Colorado Considers Sweeping Sentencing Reform

A bill that would overhaul Colorado's sentencing laws to reduce or eliminate prison terms for non-violent offenders was introduced yesterday by State Senators Morgan Carroll and John Morse. The full text of the bill is here (pdf.)

A bill introduced yesterday by Sens. John Morse, D-Colorado Springs, and Morgan Carroll, D-Aurora, takes a sweeping approach to sentencing reform by aiming to lower the degree and penalty of most non-violent crimes.


Senate Bill 286 would eliminate incarceration as a sentencing option for first-time non-violent offenders; lower sentencing ranges; allow judges the option to sentence defendants to probation, even in circumstances where they have two previous felonies; prohibit judges from sentencing criminals to jail or prison for a probation violation unless it is a new crime; cut down sentences by two days a month for good behavior; and require individuals seeking to create a new crime or increase penalties of an existing crime to present their proposal to the Colorado Commission on Criminal and Juvenile Justice. The measure would affect cases beginning July 1st.

Prosecutors oppose it. With only three weeks left in the legislative session, it's not clear whether it has any chance of passing. It has been introduced in both the Colorado House and Senate.

Sen. Carroll makes the case for sentencing reform here.

    by MileHi Hawkeye on Thu Apr 16, 2009 at 10:13:56 AM EST
    ...that the House Bill to eliminate the Death Penalty made it out of committee by one vote yesterday and is going to the House floor for a vote.

    yes, but it's not expected to pass there (none / 0) (#2)
    by Jeralyn on Thu Apr 16, 2009 at 10:19:28 AM EST
    maybe we'll have good news later though. I think they are only one vote short.

    Well... (none / 0) (#4)
    by MileHi Hawkeye on Thu Apr 16, 2009 at 10:29:09 AM EST
    ...now that Pinnicle is off the table, perhaps prisons will be one of the places that they will look at for cost cutting.  Somethings got to give or we're in for a world of hurt.  

    Typical prosecutor reaction (none / 0) (#3)
    by Jeralyn on Thu Apr 16, 2009 at 10:25:54 AM EST
    Oppose the bill because someone convicted of assault might get 20 instead of 32 years which would send a message they aren't going to be held accountable for their crimes:

    Ted Tow, director of the Colorado District Attorney's Council... said the maximum penalty for aggravated assault would drop from 32 years to 20 years. He also questioned whether there would be time to consider such sweeping changes this session.

    "To minimize the sentence sends a very clear message to the criminal element that we're not going to hold you accountable for your actions," Tow said.

    ONLY 20 YEARS!? (none / 0) (#8)
    by MrConservative on Thu Apr 16, 2009 at 04:34:12 PM EST
    When the heck did 20 freaking years become a lenient sentence?  That's almost a quarter of a lifetime.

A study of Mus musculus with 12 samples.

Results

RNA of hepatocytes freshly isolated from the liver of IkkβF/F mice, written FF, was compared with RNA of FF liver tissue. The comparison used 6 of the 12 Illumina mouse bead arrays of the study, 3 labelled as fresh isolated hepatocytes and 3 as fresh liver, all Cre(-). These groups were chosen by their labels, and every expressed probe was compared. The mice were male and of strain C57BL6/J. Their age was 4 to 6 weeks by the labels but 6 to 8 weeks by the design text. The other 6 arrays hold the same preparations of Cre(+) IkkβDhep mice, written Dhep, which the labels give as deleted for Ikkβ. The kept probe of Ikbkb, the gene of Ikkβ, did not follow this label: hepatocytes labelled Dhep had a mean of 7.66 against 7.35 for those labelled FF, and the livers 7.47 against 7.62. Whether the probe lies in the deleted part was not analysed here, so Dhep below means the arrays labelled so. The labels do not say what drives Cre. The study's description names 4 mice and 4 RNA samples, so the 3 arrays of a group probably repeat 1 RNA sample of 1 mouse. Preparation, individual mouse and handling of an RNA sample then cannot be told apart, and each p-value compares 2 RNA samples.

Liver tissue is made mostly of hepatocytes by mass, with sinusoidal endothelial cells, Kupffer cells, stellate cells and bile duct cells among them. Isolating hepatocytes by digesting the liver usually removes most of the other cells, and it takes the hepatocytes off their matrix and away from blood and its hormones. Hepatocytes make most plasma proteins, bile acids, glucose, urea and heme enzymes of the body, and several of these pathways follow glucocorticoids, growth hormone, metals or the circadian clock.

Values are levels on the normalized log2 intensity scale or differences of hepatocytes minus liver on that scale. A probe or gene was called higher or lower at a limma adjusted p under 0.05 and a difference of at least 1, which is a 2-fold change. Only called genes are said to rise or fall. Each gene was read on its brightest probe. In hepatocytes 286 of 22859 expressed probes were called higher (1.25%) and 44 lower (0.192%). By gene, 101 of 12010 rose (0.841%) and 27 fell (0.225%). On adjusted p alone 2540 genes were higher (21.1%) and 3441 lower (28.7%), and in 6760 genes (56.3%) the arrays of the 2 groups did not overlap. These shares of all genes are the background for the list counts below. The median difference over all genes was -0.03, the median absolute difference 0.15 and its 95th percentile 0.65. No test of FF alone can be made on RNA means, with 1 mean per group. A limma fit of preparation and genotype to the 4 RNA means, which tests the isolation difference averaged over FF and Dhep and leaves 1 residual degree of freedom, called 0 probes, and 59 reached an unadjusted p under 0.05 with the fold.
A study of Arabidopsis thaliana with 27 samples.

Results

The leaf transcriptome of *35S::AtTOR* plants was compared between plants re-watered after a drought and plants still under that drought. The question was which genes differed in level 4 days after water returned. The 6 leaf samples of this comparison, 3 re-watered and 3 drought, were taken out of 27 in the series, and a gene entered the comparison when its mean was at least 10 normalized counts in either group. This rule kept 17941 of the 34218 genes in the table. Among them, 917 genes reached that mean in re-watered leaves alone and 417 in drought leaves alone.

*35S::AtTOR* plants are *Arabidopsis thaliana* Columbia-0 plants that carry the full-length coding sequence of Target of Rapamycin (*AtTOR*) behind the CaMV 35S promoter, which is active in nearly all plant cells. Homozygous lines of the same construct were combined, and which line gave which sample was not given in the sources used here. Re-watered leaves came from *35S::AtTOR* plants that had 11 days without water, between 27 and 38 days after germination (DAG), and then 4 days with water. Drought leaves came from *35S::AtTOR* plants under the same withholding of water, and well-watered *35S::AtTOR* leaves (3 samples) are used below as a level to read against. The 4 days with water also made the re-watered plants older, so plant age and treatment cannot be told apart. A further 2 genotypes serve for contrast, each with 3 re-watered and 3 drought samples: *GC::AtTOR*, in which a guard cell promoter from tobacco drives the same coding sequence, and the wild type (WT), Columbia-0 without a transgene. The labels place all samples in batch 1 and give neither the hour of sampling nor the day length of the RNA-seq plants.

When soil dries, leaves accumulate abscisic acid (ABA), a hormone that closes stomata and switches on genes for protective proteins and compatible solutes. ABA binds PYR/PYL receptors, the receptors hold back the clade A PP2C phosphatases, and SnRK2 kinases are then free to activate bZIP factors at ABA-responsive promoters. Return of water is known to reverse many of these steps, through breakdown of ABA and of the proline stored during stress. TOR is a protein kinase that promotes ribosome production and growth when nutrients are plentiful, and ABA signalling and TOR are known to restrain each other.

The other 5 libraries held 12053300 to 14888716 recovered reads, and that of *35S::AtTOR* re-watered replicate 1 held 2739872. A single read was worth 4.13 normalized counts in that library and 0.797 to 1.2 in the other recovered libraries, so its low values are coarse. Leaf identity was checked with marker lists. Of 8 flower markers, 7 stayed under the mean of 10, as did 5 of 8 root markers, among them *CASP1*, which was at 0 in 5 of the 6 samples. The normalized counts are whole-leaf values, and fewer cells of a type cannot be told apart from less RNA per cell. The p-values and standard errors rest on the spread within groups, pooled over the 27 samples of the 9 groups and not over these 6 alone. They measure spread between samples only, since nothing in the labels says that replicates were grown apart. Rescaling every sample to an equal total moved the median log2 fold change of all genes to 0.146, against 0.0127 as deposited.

Depends of the crime and the criminal (none / 0) (#10)
    by nyjets on Thu Apr 16, 2009 at 06:14:00 PM EST
    For example, for the lion share of murder charges, 20 years is lenient. There are some rape and assault charges where 20 years would be lenient. There are some white collar criminals where 20 years is to low.  

    If this rule were more generally adopted, (none / 0) (#5)
    by wagnert in atlanta on Thu Apr 16, 2009 at 10:56:20 AM EST
    Bernie Madoff couldn't be sent to jail -- he's a first-time offender and his offense is completely nonviolent.  Neither could Ron Blagojevich or any of the "malefactors of great wealth" you get so purple in the face about.

    "Non-violent" is just a simplification (none / 0) (#9)
    by MrConservative on Thu Apr 16, 2009 at 04:36:06 PM EST
    Usually when people say "non-violent", they mean non-violent and non-fraudulent.

    Nice write-up on the issue... (none / 0) (#6)
    by MileHi Hawkeye on Thu Apr 16, 2009 at 11:34:12 AM EST
    ...over at Morgan's website

    We are currently spending twice as much on corrections as higher education and it is now the 3 largest item in our budget and growing.  Most other states have taken similar moves as an effort to be evidence-based, smarter on crime and smarter with spending taxpayer money.  Colorado can't afford NOT to consider sentencing reform.

    Here are some facts to consider:

    It costs $30,386 per inmate per year in operating costs and $150,773 per year per inmate for capital construction.
    74% of our prison population is in for non-violent offenses.
    The Department of Corrections has become the single largest "mental health care provider" in the State of Colorado.
    Probation costs $3.42 per day to supervise whereas prison costs $78.95 per day to supervise.
    1 in 29 Colorado residents are now under correctional control.  (That figure was 1 in 102 in 1982).
    At the current rate of incarceration we would need to build a new prison every year.
    For the cost of incarcerating 1 inmate we could
    Educate 5 children in K12;
    Fund tuition for 10 students in higher education;
    Pay the full health insurance premiums for 3 families per year;
    Fund 6 Medicaid enrollees for health care;

    non-violent offenders (none / 0) (#7)
    by diogenes on Thu Apr 16, 2009 at 12:12:13 PM EST
    What proportion of those sentenced to state prison (i.e. not county jail) for "non-violent crimes" have actually committed violent crimes in the past, perhaps even being sentenced for a "non violent crime" as a plea bargain from a charge of a violent crime?  
    Sunday School teachers might accidentally and innocently get caught up in a charge that pulls probation or jail time, but state prisoners are a different breed.
    Most first-time nonviolent offenders never darken the halls of a PRISON.  Most of them get probation or county jail.